The subject of morality is always a contentious subject among those who debate it. Understandably, no one likes it very much when those with differing views on what is or isn’t moral is seen as trying to force ‘their version’ of morality on you or society as a whole. Whether a person or a group’s vision of a moral standard should be employed on society depends on what makes the idea moral, immoral, or benign in the first place. If morality is something we get to invent, then it’s just a matter of getting enough people on your side to foist it on the rest of us. In this case, by definition the majority determines what’s moral and what isn’t. Conversely, if morality is something we discover, then it’s only natural that it be implemented as a rule regardless of the public opinion.
This angle of the discussion is pivotal to debate as to whose vision of morality is used. Those who are skeptical if the idea that morality is discovered will often claim that we find behaviors moral, immoral, or benign as the result of some social compact, that society has decided what’s right and what’s wrong. Doesn’t it strike you as obvious that we don’t find behaviors moral, immoral, or benign because they have been decided so.
The notion that we decide what’s moral and immoral runs contrary to what we know about ourselves. Society is an abstract thing. It’s nothing more than the label we assign to a group of individual people living in the same general area. Each neighborhood is a little society in its own right; and is part of the larger society which is the town; and is part of the larger society which is the state or province; and is part of the larger society which is the nation, and so on. This implies that groups of people, societies, have made conscious decisions that certain behaviors are right, wrong, or indifferent.
If it’s that morality is decided, then we have been brainwashed into believing murder, rape, and theft are morally wrong. It isn’t that they are actually immoral in themselves, but society could have, in theory, decided those behaviors were good. I’m glad they didn’t. In fact I don’t want to live in a society where morality is is a social construct. That would mean morality can be determined in the opposite direction. What is now immoral (out of behavioral fashion): robbery, racism, drunk driving, etc. could be considered good things if enough people get together and decide on it — if morality is determined by social compact.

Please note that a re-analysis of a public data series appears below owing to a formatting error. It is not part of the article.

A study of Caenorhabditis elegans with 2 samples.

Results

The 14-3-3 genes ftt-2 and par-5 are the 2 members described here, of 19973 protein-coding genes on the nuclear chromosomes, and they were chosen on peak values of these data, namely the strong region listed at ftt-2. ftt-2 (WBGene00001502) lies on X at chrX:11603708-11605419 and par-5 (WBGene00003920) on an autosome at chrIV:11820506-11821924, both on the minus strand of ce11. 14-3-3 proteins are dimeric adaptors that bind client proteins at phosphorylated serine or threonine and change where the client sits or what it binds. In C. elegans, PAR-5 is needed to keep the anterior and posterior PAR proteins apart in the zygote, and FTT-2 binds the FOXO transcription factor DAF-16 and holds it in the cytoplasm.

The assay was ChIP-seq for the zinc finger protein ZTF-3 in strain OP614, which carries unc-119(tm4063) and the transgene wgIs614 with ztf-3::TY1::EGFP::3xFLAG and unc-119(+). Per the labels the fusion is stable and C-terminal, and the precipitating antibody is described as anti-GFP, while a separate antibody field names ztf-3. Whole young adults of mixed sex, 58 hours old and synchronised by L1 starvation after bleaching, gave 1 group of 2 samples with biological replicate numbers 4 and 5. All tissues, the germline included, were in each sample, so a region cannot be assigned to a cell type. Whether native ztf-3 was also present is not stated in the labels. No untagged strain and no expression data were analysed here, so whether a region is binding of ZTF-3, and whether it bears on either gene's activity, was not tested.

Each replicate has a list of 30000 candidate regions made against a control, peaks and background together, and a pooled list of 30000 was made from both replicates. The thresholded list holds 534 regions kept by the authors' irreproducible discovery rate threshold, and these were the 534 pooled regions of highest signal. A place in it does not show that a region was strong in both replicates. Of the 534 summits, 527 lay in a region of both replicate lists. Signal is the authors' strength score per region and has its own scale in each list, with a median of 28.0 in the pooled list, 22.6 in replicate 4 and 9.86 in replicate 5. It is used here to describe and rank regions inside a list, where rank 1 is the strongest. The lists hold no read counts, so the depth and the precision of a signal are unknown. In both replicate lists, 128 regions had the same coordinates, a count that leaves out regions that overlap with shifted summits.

But think about it yourself. If morality is determined, then at least hypothetically, you could convince yourself that rape is morally good. Could you though? Sure you might be able to concoct a rationale, or a justification, but that only shows that you know it’s wrong. I mean could you make yourself actually believe that holding a woman down and tearing off her clothes all the while she is screaming, fighting, and pleading for you to stop is morally a good, or even a benign thing?
I think upon careful reflection you should be able to see that morality is not something societies decide on. We know raping children and killing people for no reason is wrong — not because your neighbors frown upon it. We know it intuitively and we would find it repulsive to hear that someone believed otherwise. It’s more than a mere disagreement with society.
Of course there are grey lines. Not because there is no correct answer, but because none of us like to believe we enjoy doing immoral things. The fact is we all like to do things others might consider immoral and that muddies the moral waters. We seek to justify and reason away our bad behaviors. But that doesn’t mean there isn’t a right or wrong answer. It simply means we must work a little harder to discover the truth and accept it when we do find it. We might even have to convince some people they are mistaken. I find myself in agreement with Atheist author Sam Harris on this, and I’m paraphrasing: In science when there isn’t agreement or a consensus we don’t throw up our hands and conclude there’s no right answer, we search until we discover it, so why should we assume there’s no right answer when it comes to morality? Personally, I think it’s worth arguing over.